Town meeting preview: Will Casco voters give roads bond green light?

By Dawn De Busk

Staff Writer

CASCO — It is difficult to predict how a town meeting might go — what might be passed, what might be discussed at length before being passed, and what might not meet the approval of residents.

In Casco, which holds its Town Meeting on Wednesday, June 15 at 7 p.m., at the Casco Fire Station, there are a handful of bond-related Warrant Articles.

Three of the Warrant Articles deal with the issuing of bonds to take care of the town’s infrastructure. In this case, infrastructure means the reconstruction of a few town roads that have been eating up road maintenance dollars and the replacement of a dam that is no longer viable.

Warrant Articles 11, 12 and 13 present voters with basically four options.

Residents could approve a $2.5 million bond or they could opt for a $1.3 million bond, or they could turn down both bonds and only approve borrowing money for the dam replacement. The last option would be that residents say ”no” to all three bonds.

The bonds being considered would have a 10-year maturity, according to a copy of the Warrant Articles for Town Meeting.

Currently, the Town of Casco has no outstanding debt — with the exception of the $600,000 approved at last year’s Town Meeting for the new town office. That project began in early May, and the town has used a Bond Anticipation Note (BAN) to pay for the construction project so far.

On Wednesday night, voters will be considering the largest bond first. The $2.5 million bond would provide funding for road reconstruction and also for the replacement of the Pleasant Lake Parker Pond Dam that has been failing to hold back water for about two years. The roads on the work list include Edwards Road, Johnson Hill Road, and the short stretch of Cooks Mills Road and sections of Tenney Hill Road.

The $2.5 million bond would give residents the most infrastructure improvements. The impact on the local tax rate would be 41 cents, or $61.50 per $150,000 valuation of property.

The $1.3 million bond would cover the cost of the dam replacement and allow the town to complete some of the road reconstruction projects. The smaller bond would have a 21-cent impact on the annual tax rate, which correlates to $31.95 per $150,000 property valuation.

Several years ago, the Casco Board of Selectmen purchased road assessment software used by the Maine Department of Transportation (MDOT). The software calculates which roads need work first. That is based on the quality of the road and the usage of the road.

For Casco Town Manager Dave Morton, who also serves as road commissioner, it was easy to see that Edwards Road and Johnson Hill Road are in need of reconstruction. In fact, the town would save money in its road repair account if those roads were reconstructed and ditch work was done, he said.

Also, the passage of an infrastructure bond does not negate the need for road maintenance money — especially since one tumultuous thunderstorm can cause significant damage to area roads, Morton said.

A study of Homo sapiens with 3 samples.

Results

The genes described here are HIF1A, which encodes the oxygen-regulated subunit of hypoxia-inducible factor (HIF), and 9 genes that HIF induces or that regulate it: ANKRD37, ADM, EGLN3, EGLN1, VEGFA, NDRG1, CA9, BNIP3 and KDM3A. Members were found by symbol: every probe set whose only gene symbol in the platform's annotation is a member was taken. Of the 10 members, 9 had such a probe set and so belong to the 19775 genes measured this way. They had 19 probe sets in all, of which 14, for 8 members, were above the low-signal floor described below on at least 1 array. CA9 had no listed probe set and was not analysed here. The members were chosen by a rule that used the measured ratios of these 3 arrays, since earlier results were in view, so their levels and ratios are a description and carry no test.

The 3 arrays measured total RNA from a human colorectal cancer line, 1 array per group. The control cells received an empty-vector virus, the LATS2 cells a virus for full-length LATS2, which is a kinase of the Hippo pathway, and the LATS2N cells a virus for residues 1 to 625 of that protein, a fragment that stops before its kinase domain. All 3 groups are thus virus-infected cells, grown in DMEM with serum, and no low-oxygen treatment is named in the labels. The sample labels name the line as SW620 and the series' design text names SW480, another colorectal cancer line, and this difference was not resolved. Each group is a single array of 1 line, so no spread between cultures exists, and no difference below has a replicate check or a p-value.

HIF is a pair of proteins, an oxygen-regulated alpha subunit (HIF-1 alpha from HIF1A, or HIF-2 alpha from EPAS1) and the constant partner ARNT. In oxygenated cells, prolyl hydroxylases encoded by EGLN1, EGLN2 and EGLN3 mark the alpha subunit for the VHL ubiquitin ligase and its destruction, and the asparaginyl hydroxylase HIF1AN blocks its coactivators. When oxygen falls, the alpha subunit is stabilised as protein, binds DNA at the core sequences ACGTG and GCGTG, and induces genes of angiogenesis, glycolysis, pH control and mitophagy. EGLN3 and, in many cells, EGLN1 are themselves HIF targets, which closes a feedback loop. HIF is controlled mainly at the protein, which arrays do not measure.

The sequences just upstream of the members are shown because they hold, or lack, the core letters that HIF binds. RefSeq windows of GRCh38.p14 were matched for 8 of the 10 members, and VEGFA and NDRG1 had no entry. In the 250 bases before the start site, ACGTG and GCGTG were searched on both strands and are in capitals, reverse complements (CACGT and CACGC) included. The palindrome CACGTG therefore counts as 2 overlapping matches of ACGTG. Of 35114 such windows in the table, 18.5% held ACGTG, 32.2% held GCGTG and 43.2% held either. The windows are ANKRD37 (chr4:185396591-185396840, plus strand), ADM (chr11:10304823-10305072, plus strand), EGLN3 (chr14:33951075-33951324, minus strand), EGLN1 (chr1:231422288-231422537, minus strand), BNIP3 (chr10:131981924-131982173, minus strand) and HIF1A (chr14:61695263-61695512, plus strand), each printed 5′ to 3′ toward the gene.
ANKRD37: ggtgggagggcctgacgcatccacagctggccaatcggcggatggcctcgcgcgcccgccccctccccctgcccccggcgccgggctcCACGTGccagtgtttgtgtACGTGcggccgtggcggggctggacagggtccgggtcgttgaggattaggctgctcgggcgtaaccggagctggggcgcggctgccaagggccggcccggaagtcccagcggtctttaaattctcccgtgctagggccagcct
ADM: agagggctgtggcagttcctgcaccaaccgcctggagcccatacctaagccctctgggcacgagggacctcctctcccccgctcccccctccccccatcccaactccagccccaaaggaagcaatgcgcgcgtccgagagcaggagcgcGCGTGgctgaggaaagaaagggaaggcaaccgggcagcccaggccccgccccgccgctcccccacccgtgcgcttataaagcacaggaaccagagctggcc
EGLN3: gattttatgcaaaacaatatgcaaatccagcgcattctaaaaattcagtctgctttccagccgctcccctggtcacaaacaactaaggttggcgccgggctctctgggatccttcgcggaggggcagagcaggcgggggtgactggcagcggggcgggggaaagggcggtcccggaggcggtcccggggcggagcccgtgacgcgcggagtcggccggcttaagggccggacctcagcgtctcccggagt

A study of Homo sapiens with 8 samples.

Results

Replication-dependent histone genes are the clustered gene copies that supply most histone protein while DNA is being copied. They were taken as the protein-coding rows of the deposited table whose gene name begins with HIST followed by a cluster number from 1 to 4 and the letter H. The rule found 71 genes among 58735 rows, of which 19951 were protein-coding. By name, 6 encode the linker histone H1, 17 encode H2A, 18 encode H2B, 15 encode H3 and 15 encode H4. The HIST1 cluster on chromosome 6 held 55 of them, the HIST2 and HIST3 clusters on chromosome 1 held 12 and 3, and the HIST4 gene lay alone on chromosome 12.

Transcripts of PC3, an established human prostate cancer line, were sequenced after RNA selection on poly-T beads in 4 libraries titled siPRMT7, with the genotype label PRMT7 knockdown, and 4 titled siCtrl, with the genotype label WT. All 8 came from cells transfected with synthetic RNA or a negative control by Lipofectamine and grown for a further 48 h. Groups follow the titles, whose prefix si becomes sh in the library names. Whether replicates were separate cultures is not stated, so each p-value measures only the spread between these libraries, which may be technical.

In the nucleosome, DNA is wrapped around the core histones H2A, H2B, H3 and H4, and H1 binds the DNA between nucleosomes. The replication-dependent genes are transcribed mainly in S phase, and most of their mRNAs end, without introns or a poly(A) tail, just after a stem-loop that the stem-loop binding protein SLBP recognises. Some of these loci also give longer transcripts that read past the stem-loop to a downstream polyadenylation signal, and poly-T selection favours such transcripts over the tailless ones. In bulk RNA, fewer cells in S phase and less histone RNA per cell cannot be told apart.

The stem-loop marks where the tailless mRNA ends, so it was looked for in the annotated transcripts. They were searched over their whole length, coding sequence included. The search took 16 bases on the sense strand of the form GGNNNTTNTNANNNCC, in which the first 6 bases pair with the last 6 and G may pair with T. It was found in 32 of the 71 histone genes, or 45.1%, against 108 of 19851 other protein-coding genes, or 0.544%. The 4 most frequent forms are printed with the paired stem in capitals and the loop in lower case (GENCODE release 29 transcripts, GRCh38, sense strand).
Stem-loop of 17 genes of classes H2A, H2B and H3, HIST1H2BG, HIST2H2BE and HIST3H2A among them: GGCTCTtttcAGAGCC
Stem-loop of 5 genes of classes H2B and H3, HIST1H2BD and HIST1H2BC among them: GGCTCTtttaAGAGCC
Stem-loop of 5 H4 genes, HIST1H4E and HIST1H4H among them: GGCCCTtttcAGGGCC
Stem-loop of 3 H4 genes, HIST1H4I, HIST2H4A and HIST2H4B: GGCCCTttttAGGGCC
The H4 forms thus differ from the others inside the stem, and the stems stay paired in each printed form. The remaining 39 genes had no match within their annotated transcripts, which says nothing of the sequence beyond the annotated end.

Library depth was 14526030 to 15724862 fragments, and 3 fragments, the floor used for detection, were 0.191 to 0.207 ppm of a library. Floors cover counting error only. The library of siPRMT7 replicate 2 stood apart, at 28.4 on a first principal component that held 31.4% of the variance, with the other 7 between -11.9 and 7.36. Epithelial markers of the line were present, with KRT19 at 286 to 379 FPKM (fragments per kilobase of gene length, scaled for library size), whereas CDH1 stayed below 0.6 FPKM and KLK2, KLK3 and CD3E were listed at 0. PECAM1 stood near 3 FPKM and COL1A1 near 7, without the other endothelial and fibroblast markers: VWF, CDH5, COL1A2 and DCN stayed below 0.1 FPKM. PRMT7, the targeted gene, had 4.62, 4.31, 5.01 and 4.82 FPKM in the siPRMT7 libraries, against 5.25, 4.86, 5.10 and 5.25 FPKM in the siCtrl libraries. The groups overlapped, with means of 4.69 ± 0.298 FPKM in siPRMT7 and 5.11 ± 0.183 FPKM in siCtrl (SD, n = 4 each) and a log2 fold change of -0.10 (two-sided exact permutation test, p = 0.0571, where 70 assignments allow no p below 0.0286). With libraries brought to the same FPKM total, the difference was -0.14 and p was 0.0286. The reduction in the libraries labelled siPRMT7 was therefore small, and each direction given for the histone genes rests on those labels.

“We work with whatever the town provides and do the best we can. However, we need at least $300,000 per year for maintenance and regular paving over and above reconstruction efforts, just to maintain our roads without falling behind,” Morton said.

The reconstruction of Libby Road, off Quaker’s Ridge Road, took four years to complete while other roads were still on the waiting list.

The selectmen as well as the Casco Finance Committee have voted to recommend the passage of an infrastructure bond. Although they voted to recommend both bonds, only one can be passed.

The way the Warrant Articles are set up, if voters view the $2.5 million bond favorably, they won’t have to vote on the other two. If the first bond is voted down, voters will turn their attention to the $1.3 million bond.

At the Town Meeting, the selectmen plan to explain to residents that the Pleasant Lake Dam must be fixed to comply with water levels set by Department of Environmental Protection (DEP), according to Morton. Otherwise, the town will face fines from the state, he said.

Last year at the Town Meeting, the voters did okay the expenditure of money for the engineering plans and the bid package for the dam. At the time, it was understood that this was a two-phase, two-year project. Additionally, the cost of the project is split equally with the Town of Otisfield. The amount being requested for the dam replacement is $250,000.

The cost of the dam upgrade is included in each of the proposed infrastructure bonds.

Another topic, a new budgetary item is the proposed staffing at the Casco Fire Station.

A few years ago, the Casco Fire and Rescue Department began paying a stipend to “man” the firehouse during the daytime hours. This approach has two prongs: It shortened the response time to emergency calls and it retained the volunteer ranks by paying people. According to Chief Jason Moen, this proved to be successful.

Warrant Article 7 addresses the budgeting of stipends so that the station can be staffed during the evening hours. The proposed budget is $91,999 more than last year, Morton said.

Warrant Article 25 is a new item. For slightly less than $6,000 the town could have a Harbor Master. If passed, a part-time seasonal position would be created.

According to Morton, what is being proposed is a 20-hour per week position that would last 12 weeks during the months of June, July and August.

Because of the bond-related Warrant Articles, it is difficult to pin down the exact total of the 2016-17 municipal budget. Copies of the Warrant Articles and supporting paperwork are available at the Casco Town Office. People can also view or print out a copy by going to the Town of Casco’s website.